Maret 18, 2017

All rights belong to Expedia.

Sao Paulo, in southeast Brazil, is the most populous city in the Southern Hemisphere, and one of the biggest in the planet. This once modest missionary outpost has grown out to become the country’s economical and cultural powerhouse.

Welcome to the fascinating city of Sao Paulo.

This is the city, fondly known as Sampa. These are the locals, who call themselves Paulistanos. And this is what brings out their passion; strong coffee, named cafezinho; soccer, which they call futebol; and of course, carnival.

Sao Paulo may not have Rio’s famous beaches, but it makes up for it in culture. In this energetic and creative city, you can enjoy the cool escape of nearly a hundred museums, and taste flavors from all over the world, in some 20,000 cafes and restaurants.

Because Sao Paulo is so incomprehensively big, it helps to start at the very beginning of its history. The botanical gardens in Parque do Estado near the airport, preserves some of the Atlantic rainforest that cover much of the Brazilian coast.

The landscape was transformed when the Portuguese arrived, on a mission to convert the native Amerindians into the Catholic faith. Stand on the very spot where the city was founded by Portuguese Jesuits in 1554, at the Patio do Colegio in the old city center.

The location of their main church, the Praca da Se, now houses the neo-Gothic Metropolitan Cathedral with its Renaissance dome, which was modeled on that of the Cathedral of Florence in Italy.

In the 17th century, Sao Paulo grew exponentially when a gold rush attracted miners to the region. Next came African slaves, who were imported to work in the sugarcane and coffee plantations. The 19th century brought more Europeans, and the Japanese followed in the 20th century. The resulting melting pot of cultures, is the pulsing engine that now drives Brazil’s economy.

The city’s oldest district, Centro, has been home to Latin America’s largest stock exchange since 1890. While just across the street is the richly decorated lavie of the former state bank’s headquarters, the Altino Arantes Building.

Three miles to the south, Avenida Paulista was built on the wealth of the first coffee barons. As the country’s financial artery and one of the city’s main thoroughfares, the boulevard pulses the energy of about 1.5 million pedestrians per day.

Apart from investing and its financial economy, Sao Paulo also has a policy of boosting its creative economy, making the city one of Brazil’s most exciting cultural hubs.

The Avenida Paulista is home to the gravity-defying Sao Paulo Museum of Art. Inside, view paintings by acclaimed European masters, such as Van Gogh, Raphael, and Picasso, as well as Brazil’s own leading artists.

This remarkable museum belongs to the people, and it was the wish of the architect that her modernist design would “return the same amount of public space that it borrowed”, leaving the square underneath open for public enjoyment.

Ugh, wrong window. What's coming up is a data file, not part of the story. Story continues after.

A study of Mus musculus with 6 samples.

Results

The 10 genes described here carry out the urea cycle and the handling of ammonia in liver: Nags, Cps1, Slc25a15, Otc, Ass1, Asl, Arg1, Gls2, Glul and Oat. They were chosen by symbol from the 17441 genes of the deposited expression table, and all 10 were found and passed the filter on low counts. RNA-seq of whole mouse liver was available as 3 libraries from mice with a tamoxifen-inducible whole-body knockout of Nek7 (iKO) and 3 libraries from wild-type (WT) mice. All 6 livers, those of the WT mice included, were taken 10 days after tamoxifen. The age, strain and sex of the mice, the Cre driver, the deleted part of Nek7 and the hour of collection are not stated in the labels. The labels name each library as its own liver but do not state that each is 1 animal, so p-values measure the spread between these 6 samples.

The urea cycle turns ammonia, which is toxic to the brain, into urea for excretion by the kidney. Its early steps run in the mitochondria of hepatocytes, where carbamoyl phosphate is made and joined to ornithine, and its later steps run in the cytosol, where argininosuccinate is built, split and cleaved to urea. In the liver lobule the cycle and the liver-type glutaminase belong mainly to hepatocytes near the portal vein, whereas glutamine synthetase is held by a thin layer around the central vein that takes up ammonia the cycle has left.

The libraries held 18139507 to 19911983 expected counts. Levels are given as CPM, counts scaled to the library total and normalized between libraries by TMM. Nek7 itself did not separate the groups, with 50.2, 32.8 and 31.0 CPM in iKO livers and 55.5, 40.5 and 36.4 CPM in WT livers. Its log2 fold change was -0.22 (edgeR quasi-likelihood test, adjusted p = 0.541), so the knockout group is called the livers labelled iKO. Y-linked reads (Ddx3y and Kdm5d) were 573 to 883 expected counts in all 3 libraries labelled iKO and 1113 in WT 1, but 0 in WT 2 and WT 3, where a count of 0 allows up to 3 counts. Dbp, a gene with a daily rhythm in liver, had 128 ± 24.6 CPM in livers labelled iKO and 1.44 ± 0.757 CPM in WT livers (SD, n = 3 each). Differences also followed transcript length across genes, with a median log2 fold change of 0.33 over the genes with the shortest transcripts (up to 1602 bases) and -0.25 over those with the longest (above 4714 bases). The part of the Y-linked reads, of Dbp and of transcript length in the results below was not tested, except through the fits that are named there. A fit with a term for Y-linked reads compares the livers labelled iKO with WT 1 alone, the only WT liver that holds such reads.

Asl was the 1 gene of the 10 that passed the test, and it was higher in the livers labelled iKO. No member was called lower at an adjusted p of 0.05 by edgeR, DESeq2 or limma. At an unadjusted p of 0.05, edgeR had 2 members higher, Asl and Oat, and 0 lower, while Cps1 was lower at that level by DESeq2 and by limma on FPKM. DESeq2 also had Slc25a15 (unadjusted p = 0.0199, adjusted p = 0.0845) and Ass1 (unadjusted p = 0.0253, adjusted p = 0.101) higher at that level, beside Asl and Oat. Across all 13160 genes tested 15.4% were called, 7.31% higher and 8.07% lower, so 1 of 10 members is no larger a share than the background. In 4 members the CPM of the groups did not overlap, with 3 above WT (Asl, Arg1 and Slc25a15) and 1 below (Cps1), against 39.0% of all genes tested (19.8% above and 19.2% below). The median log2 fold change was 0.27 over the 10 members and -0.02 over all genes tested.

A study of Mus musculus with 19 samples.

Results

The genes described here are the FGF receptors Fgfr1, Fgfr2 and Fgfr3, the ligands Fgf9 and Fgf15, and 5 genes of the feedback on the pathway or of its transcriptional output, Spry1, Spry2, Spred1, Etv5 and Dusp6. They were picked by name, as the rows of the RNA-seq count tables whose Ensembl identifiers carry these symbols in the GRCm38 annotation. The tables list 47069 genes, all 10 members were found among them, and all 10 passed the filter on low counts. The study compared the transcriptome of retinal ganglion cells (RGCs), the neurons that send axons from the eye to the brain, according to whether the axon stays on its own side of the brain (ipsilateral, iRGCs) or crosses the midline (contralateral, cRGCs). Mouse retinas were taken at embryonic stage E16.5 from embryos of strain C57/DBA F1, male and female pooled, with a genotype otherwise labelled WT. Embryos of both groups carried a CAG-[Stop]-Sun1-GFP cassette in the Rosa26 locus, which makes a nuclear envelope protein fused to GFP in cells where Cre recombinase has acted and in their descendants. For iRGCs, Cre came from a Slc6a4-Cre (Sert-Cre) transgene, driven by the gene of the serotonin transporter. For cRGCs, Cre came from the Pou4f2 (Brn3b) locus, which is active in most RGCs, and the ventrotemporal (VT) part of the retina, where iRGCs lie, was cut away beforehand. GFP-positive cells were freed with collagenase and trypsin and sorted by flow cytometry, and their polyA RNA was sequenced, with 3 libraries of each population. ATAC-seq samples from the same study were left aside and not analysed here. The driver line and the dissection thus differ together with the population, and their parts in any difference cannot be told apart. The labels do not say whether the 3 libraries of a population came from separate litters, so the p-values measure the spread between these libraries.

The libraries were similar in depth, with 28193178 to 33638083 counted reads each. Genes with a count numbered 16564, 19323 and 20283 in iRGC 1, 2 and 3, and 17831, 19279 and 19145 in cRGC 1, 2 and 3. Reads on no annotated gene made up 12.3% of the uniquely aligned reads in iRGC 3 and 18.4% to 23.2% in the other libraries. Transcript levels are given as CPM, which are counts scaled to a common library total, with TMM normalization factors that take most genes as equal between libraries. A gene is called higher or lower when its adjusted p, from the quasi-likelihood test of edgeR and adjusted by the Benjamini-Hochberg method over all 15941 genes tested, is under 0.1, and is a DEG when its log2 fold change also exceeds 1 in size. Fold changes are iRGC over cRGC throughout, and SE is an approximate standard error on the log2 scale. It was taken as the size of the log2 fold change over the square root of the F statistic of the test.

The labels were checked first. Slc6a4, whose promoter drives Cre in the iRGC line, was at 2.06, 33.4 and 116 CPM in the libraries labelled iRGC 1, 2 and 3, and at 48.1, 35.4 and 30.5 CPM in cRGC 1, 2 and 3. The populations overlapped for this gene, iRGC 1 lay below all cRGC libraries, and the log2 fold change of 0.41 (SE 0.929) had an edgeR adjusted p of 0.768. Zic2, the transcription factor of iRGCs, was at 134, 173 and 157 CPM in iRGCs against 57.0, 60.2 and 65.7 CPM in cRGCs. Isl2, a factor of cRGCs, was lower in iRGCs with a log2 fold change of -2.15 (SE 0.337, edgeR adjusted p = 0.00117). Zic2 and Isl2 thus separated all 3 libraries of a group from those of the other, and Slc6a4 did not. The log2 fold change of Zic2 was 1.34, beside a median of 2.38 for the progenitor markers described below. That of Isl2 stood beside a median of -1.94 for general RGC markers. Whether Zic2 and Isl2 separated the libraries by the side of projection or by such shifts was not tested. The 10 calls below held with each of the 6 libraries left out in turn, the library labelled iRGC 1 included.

Finance and creativity go hand-in-hand at the Banco do Brasil, a historic financial institution that hosts one of the city’s most prominent cultural centers.

In a city that sees more than a million cars criss-crossing hundreds of miles of interconnected highways each and everyday, the pedestrianized Viaduto Santa Ifigenia is a breath of fresh air. This art nouveau viaduct links the Old Center to the New Center. Tour the nearby century-old Municipal Theater, a Beaux Arts building dedicated to ballet, opera, and other stage shows.

The ornate theater was inspired by the famous opera house Palais Garnier in Paris.

Find more cultural attractions to the north, in the Jardim da Luz district. The historic Julio Prestes Train Station has been transformed into an esteemed and elegant cultural center. While touring the grand halls of this monumental building, don’t miss the Sala Sao Paulo, a massive wood-panelled concert hall with an adjustable ceiling. The resulting acoustics are sent to rival those of the famous concert halls of Vienna and Berlin.

Nearby is the oldest art museum in Sao Paulo, the Pinacoteca do Estado. Take your time here, because in this beautifully renovated school of arts and crafts, you can admire nearly 9,000 pieces, including many priceless Brazilian collections.

There is no better place to explore Brazil’s culinary culture, than the nearby Mercado Municipal, with its delicious displays of homegrown fruits, cheeses, meats, and other local specialties. Find a table on the mezzanine level, to look down on the hustle and bustle, and admire the richly decorated windows of this impressive market hall.

An eyecatching building of a completely different kind is the Ibirapuera Auditorium, designed by Brazil’s prolific architect, Oscar Niemeyer. It’s part of Ibirapuera Park in the south of the city. While in the park, visit the Museum of Modern Art and the Afro-Brazil Museum, or simply join the locals in the city’s favorite playground.

Sao Paulo wouldn’t be a Brazilian city, if it didn’t have an arena devoted to the nation’s biggest sport’s heroes. In the Pacaembu Stadium, soccer legends such as Pele, Ronaldo, Romario, and Ronaldinho, are on show in the highly interactive exhibits of its Football Museum.

A short drive to the west of the stadium is Vila Madalena. Shop for unique souvenirs in one of the colorful stores, or have lunch with the locals. The neighborhood is as famous for its little shops and art galleries, as for its marvelous street art. Some of these artists have since made a name for themselves on a world stage.

Having risen above its humble beginnings as a missionary outpost in an uncharted land, Sampa is not only Brazil’s economic powerhouse, but also the guardian of its priceless, intangible assets. It’s a city of culture, creativity, hospitality, and art. Sao Paulo today rides a wave of positive energy into the future, and is truly a destination that is much greater than the sum of its parts.